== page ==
Wednesday, October 3, 2007

Goodbye to a breastfeeding champion


We at UNICEF were deeply saddened today to hear of the passing of Dr. Natividad R. Clavano, a passionate breastfeeding champion and advocate. By instituting a breastfeeding-only policy and eliminating infant formula in Baguio General Hospital, Dr. Clavano saved many children's lives: the hospital's newborn death rate dropped by 95 per cent!

Below, I repeat the citation made in honour of Dr. Clavano when she received the Order of the Golden Heart from President Gloria Macapagal-Arroyo on 14 August 2006.


The Order of the Golden Heart is conferred to Dr. Natividad R. Clavano for her pioneering work in breastfeeding advocacy, and infant and young child feeding

Dr. Natividad N. Relucio Clavano is hereby awarded the Order of the Golden Heart in the field of Pediatrics, where she pioneered in Young Child Feeding with her work in the "Under-Five Clinic National Program," and in Infant Feeding with her work on the "Baby-Friendly Hospital Initiative" (subsequently replicated in 192 countries) which made her famous all over the world, where she banned infant formula milk from the Maternity Ward of Baguio General Hospital and enforced a regime of "rooming-in" of the infant.

She graduated as a Doctor of Medicine from the University of Sto. Tomas, and took her post-graduate Studies in Pediatrics in the Institute of Child Health (1974-75), London University; consequently she was given a travel grant to travel to East and West Africa, India and Thailand to observe Child Health practices; secured a fellowship in Human Milk Banking in Paris and London, got a scholarship for Lactation Management in the United States.

Dr. Natividad Clavano became the first and foremost Breastfeeding Advocate in the world, having started her involvement in the movement in 1975. In May 1978, Dr. Clavano of Baguio General Hospital in the Philippines traveled to Washington DC to attend a hearing of a US Senate Subcommittee under the chairmanship of Senator Ted Kennedy, where she galvanized the entire world with 10,000-baby study in her hospital by the total elimination of baby milk formula bottles and teats, from the maternity wards, resulted in a very dramatic reduction of infant illness and mortality. Senator Ted Kennedy joined the crusade against the milk companies and publicly demanded that the World Health Organization (WHO) do something about it. In 1981, three years later, the WHO/UNICEF passed the International Code on the Marketing of Breastmilk Substitutes and Other Related Products. The passing of the International Milk Code in 1981 is traceable to the appearance of Dr. Clavano in the Kennedy Subcommittee. In 1986, five years later, the revolutionary government of President Corazon Aquino signed into law Executive Order 51, known as the National Milk Code.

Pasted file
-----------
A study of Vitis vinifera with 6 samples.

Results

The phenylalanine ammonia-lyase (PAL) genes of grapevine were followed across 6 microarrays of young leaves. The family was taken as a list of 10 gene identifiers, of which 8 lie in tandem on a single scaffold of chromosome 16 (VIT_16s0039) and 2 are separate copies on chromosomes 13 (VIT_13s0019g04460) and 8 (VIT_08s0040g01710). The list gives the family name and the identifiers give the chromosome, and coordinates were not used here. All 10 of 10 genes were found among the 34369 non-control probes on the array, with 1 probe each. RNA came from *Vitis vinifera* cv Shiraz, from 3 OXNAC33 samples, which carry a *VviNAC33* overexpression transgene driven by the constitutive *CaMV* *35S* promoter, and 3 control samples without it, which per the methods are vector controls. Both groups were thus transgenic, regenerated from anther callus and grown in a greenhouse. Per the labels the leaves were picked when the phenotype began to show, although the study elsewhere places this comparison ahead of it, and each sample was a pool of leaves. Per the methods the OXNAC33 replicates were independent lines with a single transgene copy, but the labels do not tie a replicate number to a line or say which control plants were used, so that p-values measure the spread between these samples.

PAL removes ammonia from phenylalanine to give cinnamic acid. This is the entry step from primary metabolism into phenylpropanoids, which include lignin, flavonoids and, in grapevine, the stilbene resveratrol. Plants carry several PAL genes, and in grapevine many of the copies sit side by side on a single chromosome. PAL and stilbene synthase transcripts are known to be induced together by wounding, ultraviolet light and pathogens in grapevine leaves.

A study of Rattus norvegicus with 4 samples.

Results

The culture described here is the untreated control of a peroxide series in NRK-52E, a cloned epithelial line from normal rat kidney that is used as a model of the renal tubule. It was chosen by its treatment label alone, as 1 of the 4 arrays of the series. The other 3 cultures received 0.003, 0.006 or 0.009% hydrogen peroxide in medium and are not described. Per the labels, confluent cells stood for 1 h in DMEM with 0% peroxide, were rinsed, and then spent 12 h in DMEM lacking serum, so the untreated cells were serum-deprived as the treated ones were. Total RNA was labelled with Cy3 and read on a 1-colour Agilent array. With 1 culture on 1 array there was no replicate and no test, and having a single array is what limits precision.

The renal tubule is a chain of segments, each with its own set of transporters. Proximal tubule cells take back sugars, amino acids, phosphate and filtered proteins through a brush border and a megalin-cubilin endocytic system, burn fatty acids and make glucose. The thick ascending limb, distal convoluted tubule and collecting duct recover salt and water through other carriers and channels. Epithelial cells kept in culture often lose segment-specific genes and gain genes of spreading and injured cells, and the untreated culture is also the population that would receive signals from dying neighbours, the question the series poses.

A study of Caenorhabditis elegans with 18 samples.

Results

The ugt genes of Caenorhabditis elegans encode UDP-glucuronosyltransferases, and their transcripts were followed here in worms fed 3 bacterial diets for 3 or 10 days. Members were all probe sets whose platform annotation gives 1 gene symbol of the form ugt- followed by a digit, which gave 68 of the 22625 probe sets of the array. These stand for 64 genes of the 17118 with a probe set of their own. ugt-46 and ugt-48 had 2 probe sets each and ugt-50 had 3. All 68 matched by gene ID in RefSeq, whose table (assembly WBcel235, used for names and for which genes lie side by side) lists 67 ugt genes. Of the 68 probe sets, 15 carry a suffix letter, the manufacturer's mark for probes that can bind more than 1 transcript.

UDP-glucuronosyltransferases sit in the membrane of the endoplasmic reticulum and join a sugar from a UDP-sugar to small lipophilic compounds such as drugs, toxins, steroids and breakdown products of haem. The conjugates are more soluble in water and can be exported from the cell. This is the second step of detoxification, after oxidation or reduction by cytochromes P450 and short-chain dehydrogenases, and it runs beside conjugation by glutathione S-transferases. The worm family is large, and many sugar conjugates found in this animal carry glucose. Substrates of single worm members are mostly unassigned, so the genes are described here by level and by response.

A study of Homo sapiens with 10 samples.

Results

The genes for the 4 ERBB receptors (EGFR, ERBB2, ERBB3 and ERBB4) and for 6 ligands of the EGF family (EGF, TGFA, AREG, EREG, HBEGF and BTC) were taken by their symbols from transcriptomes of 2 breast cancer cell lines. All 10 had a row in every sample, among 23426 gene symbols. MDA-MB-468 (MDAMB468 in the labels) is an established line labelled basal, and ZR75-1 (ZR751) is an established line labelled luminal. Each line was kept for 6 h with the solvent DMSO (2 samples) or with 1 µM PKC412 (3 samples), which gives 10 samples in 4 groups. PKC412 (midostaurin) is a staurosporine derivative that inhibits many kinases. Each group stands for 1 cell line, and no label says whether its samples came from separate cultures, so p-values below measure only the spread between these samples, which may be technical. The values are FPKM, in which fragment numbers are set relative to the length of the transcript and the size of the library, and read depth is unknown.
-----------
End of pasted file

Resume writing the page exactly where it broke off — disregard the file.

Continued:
News of Dr. Clavano's passing spread far and fast among the breastfeeding advocates. Mian, my co-worker in UNICEF who is now in UNICEF East Timor, sent this email:


This news really saddens me. She has really had a great impact on my life. It
was through her that I truly understood, learned and believed about breastfeeding. I remember back in the early eighties when I joined UNICEF, I trooped along with the health section, DOH and NGOs to Baguio. And I sat through her lecture on breastfeeding. Her facts were mind openers and her intense passion convinced me that I shall breastfeed my children when I will have them [Mian breastfed all of her three children]. Dr. Clavano is a rare character. I am sure we shall all miss her.

And here's an SMS from Ines Fernandez of Arugaan and Save Babies Coalition:

Our breastfeeding doctor warrior passed away awaiting the Supreme Court's final verdict on the Revised Implementing Rules and Regulations of the Milk Code.

3 comments:

tanya@motherwearblog said...

What an incredible woman! Thank you for posting about her so that others like me can learn about the impact she has had on babies in the Philippines and around the world!

rfvreyes said...

Yes Tanya, she really was an incredible woman. Despite her tiny frame she had great achievements in the promotion of maternal and child welfare. It was through her endeavors that a well baby clinic in the Philippines was established in the 70’s decade and I’m proud to say that I am one of her beneficiaries. She was headstrong and determined, strict but passionate in her global pursuit of wellness.

Anonymous said...

i was privileged to be associated very briefly with dr clavano in 1997 on a study linking breastfeeding, or the lack of it, to pulmonary tuberculosis. soon after she got me in, i accepted a career assignment that took me away from her team. i wonder if that work eventually saw print.